Travel experts share pricing secrets

HOUSTON (KTRK) -- The busy summer travel season is upon us, and before you book a flight or hotel room, you should know that your own search history on your computer could be working against you.

It's no secret that prices vary for the same plane tickets, and it's a perfectly legal tactic called price discrimination. You and another person might be searching for the same deal, but a website might offer different prices based on your searches.

"When you go online shopping, you're spending money, your computer is saving all this information so when you go to book a flight they may try to hike the price up based on what you have purchased in the past," said local travel expert and world traveler Jamiee Ratliff.

Your history is saved on your computer's cookies, which are digital files sent by your browser to each site you visit.

"If I go on the site based on my cookies, it could be one price and for you it could be $100 cheaper," said Ratliff.

If you ordinarily visit high-end sites, you may pay more when it comes to booking travel arrangements.

To get a fair price, clear your cookies before you search. You can also open a new window and change the settings to incognito mode. The private browsing window is usually located at the top right-hand of the computer screen. You can also press Ctrl+Shift+N (Windows, Linux, and Chrome OS) and Apple-Shift-N (Mac).

"Another thing is when the airlines know you are ready to book travel, they create this sense of urgency. If you don't browse incognito, they will continue to hike up the price if you go back and search multiple times," Ratliff said.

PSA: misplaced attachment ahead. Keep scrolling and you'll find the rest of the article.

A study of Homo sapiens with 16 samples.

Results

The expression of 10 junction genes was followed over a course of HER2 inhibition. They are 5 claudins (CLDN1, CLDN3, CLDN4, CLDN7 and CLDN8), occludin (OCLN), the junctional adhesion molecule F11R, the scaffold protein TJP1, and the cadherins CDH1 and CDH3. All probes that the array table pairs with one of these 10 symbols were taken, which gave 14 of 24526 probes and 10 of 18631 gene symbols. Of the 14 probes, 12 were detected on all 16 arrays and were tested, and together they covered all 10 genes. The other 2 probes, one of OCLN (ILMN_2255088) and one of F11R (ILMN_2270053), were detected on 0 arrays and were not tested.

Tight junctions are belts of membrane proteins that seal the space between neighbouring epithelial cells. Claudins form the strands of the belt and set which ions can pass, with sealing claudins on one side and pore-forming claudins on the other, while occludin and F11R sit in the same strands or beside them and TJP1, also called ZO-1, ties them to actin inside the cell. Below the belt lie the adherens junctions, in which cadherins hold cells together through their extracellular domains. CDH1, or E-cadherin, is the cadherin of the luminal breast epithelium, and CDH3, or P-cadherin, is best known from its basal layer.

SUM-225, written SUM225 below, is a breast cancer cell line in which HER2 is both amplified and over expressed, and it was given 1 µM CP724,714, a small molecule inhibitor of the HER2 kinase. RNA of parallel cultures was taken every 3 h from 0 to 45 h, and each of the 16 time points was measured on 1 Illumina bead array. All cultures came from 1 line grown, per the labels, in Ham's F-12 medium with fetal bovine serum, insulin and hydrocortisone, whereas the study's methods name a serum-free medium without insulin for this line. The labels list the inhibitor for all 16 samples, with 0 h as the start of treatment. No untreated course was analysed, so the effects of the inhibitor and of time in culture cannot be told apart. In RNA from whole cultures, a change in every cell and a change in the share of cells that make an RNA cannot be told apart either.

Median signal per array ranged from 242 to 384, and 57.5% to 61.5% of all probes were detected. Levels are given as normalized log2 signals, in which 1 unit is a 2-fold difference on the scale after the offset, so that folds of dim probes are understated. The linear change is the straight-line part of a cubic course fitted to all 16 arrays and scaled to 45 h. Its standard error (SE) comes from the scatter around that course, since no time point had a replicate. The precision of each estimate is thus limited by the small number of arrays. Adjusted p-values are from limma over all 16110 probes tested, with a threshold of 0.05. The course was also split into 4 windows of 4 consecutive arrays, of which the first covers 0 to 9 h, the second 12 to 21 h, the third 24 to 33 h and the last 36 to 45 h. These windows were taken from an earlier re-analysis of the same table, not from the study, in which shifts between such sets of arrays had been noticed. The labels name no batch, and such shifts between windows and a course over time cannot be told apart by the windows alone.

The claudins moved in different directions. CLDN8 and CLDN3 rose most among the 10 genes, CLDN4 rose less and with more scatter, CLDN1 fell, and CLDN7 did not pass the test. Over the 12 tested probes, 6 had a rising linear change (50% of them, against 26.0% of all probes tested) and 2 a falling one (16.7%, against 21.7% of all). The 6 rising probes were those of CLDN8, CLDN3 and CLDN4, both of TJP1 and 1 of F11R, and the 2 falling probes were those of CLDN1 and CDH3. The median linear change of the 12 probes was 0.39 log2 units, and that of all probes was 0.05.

Another way to save is to check on different days.

To test the theory, ABC-13 found a roundtrip ticket on Southwest Airlines from Houston to Orlando on Thursday for $542.

The next day, we looked at the exact same itinerary. This time the price was $474, a savings of $68.

Also, beware of a practice called price steering, which is when a site tries to get you to book a certain type of rate based on what they show you.

"They might show you the ones they want you to book early in the search, and the ones they don't want you to book further down in your search," International Business Times travel writer Ismat Mangla said.

If you want to get the best price on an airline ticket, the magic number for a domestic fare is to book 47 days in advance. If you're planning on taking a trip to South America or other international destinations, book 90 days ahead.

Historically, you will save the most booking on a Tuesday.

Another hidden gem is the website The site will send you a daily newsletter of the best flight deals. They also try to catch the glitch fares that airlines sometimes honor.